Earlier this year, we launched our Women in Fintech interview blog series inviting women, and those that champion them, to share their experiences and thoughts on gender diversity and inclusion more generally in the industry.

In this instalment, we talk to Ro Facundo, a Business Development Representative here at Eigen.

Ro, in your opinion, why is there a gender imbalance in fintech?

I would say there is a gender gap in fintech because senior leadership is predominantly male which trickles down to stereotypes surrounding fintech. Social media jokes about how working in finance or tech primarily entails of a “bro culture”, and a male-dominated atmosphere takes the attractiveness of applying to a fintech away from women, who are fonder of working alongside and being supported by other women.

I recently spoke with someone else who said that male leaders, often older and working senior roles, tend to think women are too sensitive to handle criticism, assume females can’t handle the pressure of objectives associated with fintech and lean towards hiring more men as a result.

There is also a misconception about how female relationships work; men generally believe women compete with each other given the low percentage of females compared to males. This isn’t the case at all.

Furthermore, women drive the marketing sector, which is often overlooked in this industry. Typically, other roles are at the forefront of the business, but marketing is basically the backbone of companies.

What does the industry miss out on by not having more women?

More diverse talent. If women aren’t included in important conversations, there’s a lack of perspective and innovation. Due to the gender gap, women feel more pushed to excel, so companies are missing out on that personal drive and ambition.

Women are usually viewed as more sensitive than men, which is actually a strength. It’s quite difficult for someone who lacks emotional intelligence to truly understand a customer’s needs, which is incredibly important in any industry, especially in SaaS sales. Failing to connect with a client’s struggles equals missed opportunities.

Do you have any advice to women to starting out in the industry?

If you’re part of a team that lacks female representation, reach out to women outside of your department and make those connections. I’ve gained a plethora of support and knowledge from multiple Eigen women outside of the sales team.

Male allies are important. If you’re working with mostly males, why not strengthen those already existing relationships? This improves gender equality overall, and builds that confidence for women to speak with men effortlessly.

Your ideas and opinions matter. From my experience of being the only female on a team now and in my last role, you should not have to feel intimidated being in a meeting with all men. They can learn from you just as you can learn from them.

How important are male allies and what can be done to help women feel more comfortable?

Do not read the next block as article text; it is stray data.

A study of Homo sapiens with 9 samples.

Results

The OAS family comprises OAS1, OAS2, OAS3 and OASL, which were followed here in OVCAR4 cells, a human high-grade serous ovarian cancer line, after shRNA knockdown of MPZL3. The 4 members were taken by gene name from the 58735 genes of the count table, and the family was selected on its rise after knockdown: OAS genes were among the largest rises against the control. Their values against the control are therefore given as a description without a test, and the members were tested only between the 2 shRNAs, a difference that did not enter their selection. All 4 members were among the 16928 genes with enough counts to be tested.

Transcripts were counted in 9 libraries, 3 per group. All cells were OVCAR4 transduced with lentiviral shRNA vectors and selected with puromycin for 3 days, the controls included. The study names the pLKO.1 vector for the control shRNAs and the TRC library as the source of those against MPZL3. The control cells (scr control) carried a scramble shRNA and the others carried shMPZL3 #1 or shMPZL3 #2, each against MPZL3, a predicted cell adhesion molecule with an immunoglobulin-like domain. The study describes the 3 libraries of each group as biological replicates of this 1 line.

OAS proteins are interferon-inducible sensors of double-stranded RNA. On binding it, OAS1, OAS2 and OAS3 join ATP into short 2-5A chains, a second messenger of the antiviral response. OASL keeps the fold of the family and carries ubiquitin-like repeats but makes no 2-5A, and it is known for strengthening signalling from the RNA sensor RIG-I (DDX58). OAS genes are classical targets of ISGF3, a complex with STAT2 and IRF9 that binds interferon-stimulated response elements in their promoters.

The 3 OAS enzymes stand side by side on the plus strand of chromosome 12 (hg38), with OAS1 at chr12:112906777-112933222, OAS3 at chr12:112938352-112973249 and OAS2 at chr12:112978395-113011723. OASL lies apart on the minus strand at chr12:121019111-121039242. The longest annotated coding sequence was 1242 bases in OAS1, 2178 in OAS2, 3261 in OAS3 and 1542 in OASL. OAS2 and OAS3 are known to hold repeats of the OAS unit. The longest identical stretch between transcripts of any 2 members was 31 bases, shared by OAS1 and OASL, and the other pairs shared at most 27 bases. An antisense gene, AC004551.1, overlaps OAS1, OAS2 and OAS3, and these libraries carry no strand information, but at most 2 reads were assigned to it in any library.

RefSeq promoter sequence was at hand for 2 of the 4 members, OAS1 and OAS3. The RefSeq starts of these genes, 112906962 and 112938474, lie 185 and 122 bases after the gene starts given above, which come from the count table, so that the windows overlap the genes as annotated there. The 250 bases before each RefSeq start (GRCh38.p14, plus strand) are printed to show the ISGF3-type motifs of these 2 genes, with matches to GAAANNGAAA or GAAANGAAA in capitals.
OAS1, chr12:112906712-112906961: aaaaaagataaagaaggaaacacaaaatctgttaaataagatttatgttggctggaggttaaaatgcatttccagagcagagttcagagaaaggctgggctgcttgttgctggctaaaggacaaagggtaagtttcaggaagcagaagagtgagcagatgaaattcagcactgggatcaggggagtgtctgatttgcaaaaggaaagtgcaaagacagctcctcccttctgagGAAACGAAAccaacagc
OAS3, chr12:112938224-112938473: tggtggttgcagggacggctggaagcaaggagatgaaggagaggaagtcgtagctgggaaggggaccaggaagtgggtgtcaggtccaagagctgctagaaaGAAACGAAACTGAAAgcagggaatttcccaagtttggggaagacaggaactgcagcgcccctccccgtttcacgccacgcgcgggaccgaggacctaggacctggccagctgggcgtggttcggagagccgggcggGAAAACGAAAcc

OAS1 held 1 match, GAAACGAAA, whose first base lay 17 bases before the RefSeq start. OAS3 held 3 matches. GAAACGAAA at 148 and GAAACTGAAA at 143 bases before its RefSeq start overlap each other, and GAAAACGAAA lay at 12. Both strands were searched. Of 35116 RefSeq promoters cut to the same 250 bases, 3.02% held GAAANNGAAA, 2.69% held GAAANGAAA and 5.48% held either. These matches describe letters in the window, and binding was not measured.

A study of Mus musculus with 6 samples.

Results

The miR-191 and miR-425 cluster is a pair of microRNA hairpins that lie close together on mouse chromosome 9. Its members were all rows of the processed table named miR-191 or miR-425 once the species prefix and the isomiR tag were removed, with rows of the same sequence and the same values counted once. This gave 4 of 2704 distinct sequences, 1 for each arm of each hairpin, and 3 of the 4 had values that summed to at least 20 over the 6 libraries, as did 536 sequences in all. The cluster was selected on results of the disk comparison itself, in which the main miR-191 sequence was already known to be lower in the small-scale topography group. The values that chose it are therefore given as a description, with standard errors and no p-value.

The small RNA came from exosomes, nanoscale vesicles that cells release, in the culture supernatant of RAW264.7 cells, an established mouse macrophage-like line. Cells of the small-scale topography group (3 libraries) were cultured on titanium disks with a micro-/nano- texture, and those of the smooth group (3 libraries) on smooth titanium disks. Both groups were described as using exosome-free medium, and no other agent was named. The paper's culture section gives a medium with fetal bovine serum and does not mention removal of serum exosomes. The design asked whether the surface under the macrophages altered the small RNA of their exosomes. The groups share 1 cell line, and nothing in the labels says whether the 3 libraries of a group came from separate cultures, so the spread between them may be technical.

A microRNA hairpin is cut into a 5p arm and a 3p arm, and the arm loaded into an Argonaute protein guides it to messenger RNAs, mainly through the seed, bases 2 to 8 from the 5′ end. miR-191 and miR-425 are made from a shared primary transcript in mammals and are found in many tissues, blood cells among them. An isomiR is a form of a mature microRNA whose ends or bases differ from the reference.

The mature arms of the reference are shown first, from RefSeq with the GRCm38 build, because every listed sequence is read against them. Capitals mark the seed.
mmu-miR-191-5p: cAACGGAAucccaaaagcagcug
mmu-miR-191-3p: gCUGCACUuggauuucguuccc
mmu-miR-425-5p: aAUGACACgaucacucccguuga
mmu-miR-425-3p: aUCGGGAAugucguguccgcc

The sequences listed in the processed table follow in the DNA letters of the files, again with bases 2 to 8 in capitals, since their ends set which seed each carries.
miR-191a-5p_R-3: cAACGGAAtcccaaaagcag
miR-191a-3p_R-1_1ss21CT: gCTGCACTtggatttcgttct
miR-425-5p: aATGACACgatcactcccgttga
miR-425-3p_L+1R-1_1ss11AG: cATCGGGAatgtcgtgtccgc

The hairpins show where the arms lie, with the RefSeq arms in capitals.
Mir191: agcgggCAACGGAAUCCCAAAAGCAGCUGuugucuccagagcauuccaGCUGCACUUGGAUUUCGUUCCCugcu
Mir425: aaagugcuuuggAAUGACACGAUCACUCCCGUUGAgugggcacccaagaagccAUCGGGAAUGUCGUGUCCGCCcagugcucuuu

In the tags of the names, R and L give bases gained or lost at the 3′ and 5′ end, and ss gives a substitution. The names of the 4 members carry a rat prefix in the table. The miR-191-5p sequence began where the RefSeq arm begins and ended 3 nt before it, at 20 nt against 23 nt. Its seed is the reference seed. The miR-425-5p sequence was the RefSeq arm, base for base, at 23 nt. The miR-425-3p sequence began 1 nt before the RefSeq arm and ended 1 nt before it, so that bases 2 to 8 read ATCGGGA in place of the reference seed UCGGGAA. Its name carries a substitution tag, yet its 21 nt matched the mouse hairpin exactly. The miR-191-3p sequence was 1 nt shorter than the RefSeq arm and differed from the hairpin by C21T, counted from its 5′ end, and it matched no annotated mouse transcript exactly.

Having more collaborative meetings among men and women is essential If we aren’t having more shared experiences, how can we strengthen those equal relationships and learn from each other? It should be an initiative for leaders to ensure their team members are connecting. I’m extremely grateful for my male allies at Eigen – we’re always willing to help each other out.

How can employers attract more female talent into the industry?

Executives being mostly male discourages women from joining, because why would they want to apply for a dead-end job? Employers can attract more female talent with a proven track record of female promotions, and by having more women in leadership roles.

Public acknowledgement of female employees helps, which is what you are doing with this interview series! If you look at a company’s social feed and they are actively posting about female employees making a difference, that’s a green flag.

The US doesn’t have mandated paid maternity leave, and it’s an important benefit woman look out for when joining a company. Offering that security will give females more peace of mind.

How can employers retain women in their organisations?

Organizations should have women social groups. Eigen has a “Ladies of Eigen” Slack channel that allows female employees to openly share memes, articles, anything that is more catered to women than men. Especially in this virtual world caused by COVID, having an easily accessible support system from women has made a huge difference.

As with retaining any employee, the onboarding process is important because it’s your initial impression of working at the company. Since the percentage of women is often low compared to men, it would be comforting for women to know they are supported by other women by enabling them to connect during their first few weeks of trading. This also goes with the importance of male allies, making sure there is more connection building among men and women.

The best way to create bonds would be through meetings. If you cannot have a company outing or be in the office all the time, virtual meetings and weekly/bi-weekly check-ins with bonding implemented into them go a long way. A meeting where everyone can share their own ideas would be preferred because that is also really good bonding and enables companies to see the diverse perspectives that companies are missing out on.

If you would like to be part of the Women in Fintech conversation and would like to share your experiences and thoughts, please get in touch.